Artificial intelligence can make inventions, hold convincing conversations and write poetry. What are the intellectual property implications?
AI systems are designed to mimic human problem-solving and decision-making capabilities, but at vastly higher rates. Recently, they have been designing magazine covers and identifying candidate drug molecules, for example. They learn by training themselves on large data pools, on which they hone their algorithms. They are adaptive and autonomous, and their workings can be mysterious. These characteristics have IP implications in terms of both access to training data and rights in AI output.
“Mining” and processing data can involve infringement of third party IP rights – in particular, copyright and, in the EU and UK, database right. Historically, copyright exceptions for data mining have only allowed non-commercial uses, and there were no applicable database right exceptions. The EU has now legislated for new exceptions where automated analysis is conducted to identify patterns, trends and correlations. It is still necessary to have lawful access to the material in the first place, however. Rights holders can also opt material out. Additionally, the EU Data Act will make it clear that data thrown out by machines (from jet engines to refrigerators) will not be protected by IP rights, and manufacturers must make it available to users and third parties (the latter subject to fair licence terms).
Playing catch-up, the UK ran a consultation on AI and IP that resulted in few concrete proposals for change, but will mean a new exception to copyright and database right for commercial data mining, with no opt-out. However, lawful access to the material (such as a digital subscription) will still be necessary. The proposal has stirred some controversy in publishing circles.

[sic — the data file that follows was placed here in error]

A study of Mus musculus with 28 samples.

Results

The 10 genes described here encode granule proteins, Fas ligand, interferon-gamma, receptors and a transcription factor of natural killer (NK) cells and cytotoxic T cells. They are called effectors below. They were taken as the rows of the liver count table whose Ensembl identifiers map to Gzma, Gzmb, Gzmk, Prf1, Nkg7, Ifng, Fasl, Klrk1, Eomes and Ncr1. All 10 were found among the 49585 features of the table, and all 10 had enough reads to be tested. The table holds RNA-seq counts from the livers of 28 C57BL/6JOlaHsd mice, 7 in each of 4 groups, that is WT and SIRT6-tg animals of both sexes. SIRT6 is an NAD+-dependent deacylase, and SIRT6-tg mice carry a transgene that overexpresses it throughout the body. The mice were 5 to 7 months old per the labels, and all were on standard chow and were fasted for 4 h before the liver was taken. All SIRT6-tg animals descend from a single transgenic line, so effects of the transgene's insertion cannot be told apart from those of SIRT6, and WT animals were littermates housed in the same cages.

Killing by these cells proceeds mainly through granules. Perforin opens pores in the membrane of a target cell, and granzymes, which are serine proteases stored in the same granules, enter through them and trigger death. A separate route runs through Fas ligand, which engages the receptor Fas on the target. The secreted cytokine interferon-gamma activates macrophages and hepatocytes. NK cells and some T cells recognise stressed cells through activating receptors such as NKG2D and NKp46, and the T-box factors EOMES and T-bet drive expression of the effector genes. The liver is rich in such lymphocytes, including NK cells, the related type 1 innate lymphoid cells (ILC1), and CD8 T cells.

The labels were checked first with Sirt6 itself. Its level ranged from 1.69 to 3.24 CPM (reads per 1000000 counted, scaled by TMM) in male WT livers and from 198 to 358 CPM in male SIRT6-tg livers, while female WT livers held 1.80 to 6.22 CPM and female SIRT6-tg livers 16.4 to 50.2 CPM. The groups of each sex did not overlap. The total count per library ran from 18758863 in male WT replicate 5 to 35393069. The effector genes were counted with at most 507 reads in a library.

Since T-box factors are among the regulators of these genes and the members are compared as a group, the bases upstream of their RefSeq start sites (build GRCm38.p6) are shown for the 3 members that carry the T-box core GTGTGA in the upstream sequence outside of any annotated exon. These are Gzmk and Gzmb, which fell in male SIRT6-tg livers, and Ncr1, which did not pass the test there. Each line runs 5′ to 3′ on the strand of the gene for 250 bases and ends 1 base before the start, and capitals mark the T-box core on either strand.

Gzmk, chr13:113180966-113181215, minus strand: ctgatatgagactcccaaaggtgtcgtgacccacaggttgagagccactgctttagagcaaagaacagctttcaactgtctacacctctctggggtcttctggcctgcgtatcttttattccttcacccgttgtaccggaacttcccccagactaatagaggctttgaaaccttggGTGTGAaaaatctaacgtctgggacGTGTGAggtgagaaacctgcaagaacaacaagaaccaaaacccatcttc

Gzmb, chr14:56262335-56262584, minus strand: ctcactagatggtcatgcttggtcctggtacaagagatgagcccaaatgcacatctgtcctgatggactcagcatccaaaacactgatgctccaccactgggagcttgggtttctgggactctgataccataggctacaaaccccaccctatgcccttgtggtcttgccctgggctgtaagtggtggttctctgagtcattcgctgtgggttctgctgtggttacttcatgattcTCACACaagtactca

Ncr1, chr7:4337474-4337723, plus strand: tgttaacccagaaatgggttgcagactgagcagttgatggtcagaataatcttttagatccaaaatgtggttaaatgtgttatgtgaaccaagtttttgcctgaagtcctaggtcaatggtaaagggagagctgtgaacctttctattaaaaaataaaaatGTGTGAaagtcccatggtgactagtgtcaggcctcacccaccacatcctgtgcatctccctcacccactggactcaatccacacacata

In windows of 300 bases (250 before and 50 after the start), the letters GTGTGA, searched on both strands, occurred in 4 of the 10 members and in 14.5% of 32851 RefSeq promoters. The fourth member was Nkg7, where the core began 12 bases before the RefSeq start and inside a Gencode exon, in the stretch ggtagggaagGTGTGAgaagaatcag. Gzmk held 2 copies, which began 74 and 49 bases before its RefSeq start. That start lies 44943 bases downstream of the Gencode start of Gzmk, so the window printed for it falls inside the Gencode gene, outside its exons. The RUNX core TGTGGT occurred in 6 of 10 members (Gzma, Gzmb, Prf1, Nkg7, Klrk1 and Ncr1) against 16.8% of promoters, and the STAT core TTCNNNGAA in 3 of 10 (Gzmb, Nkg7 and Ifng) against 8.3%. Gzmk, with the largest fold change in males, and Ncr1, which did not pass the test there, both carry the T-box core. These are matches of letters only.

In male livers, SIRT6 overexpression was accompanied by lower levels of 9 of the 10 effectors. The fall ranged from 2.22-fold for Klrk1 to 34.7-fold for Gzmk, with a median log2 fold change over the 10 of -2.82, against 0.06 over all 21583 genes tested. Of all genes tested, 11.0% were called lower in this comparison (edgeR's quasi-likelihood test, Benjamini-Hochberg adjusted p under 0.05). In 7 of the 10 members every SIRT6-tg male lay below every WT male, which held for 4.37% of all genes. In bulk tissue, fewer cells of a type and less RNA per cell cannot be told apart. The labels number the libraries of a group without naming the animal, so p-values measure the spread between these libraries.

Another difficult, and uncertain, issue is that of rights in AI outputs. Repeated and, mostly, unsuccessful attempts have been made by a Dr Stephen Thaler to file patent applications citing the “DABUS” AI system as sole inventor. Courts in the UK and elsewhere have insisted that patents require a human inventor, whilst not ruling out that an AI system may have been used as an aid. A decision of the English Supreme Court is awaited. Many undecided points remain in this area apart from those in this case: for example, is it at all “inventive” to use an AI system to generate patentable subject-matter? And should the inventor and patent applicant respectively be the deviser, operator or owner of the system?
EU lawmakers seem to have concluded that AI-generated creative works should not be protected by copyright, largely on the basis that they lack originality in the legal sense. This is so even though the EU does protect photographs as copyright works based on perhaps minimal interventions (lighting, angle) by the photographer and whether or not they “pressed the button” themselves. The distinction seems to lie in whether or not the device is a mere aid to human creativity. In contrast to the EU, the UK and a handful of other territories grant copyright to works generated entirely by computer – in the UK, the copyright owner is the person (or company) making the “necessary arrangements” to create the work. It is not always going to be easy to identify that person when it comes to AI systems, however.
(Update, 3 February 2023: Given the perceived impact on the creative sector, the Minister of State told Parliament that “the proposals have clearly elicited a response that we did not hear when they were being drafted. We have taken the responses seriously… [W]e do not want to proceed with the original proposals. We will engage seriously, cross-party and with the industry, through the IPO, to ensure that we can, when needed, frame proposals that will command the support required.”)
This article is not legal advice, which it may be sensible to obtain before you take any decisions or actions in the areas covered. Please do contact me if you would like an initial discussion of your situation.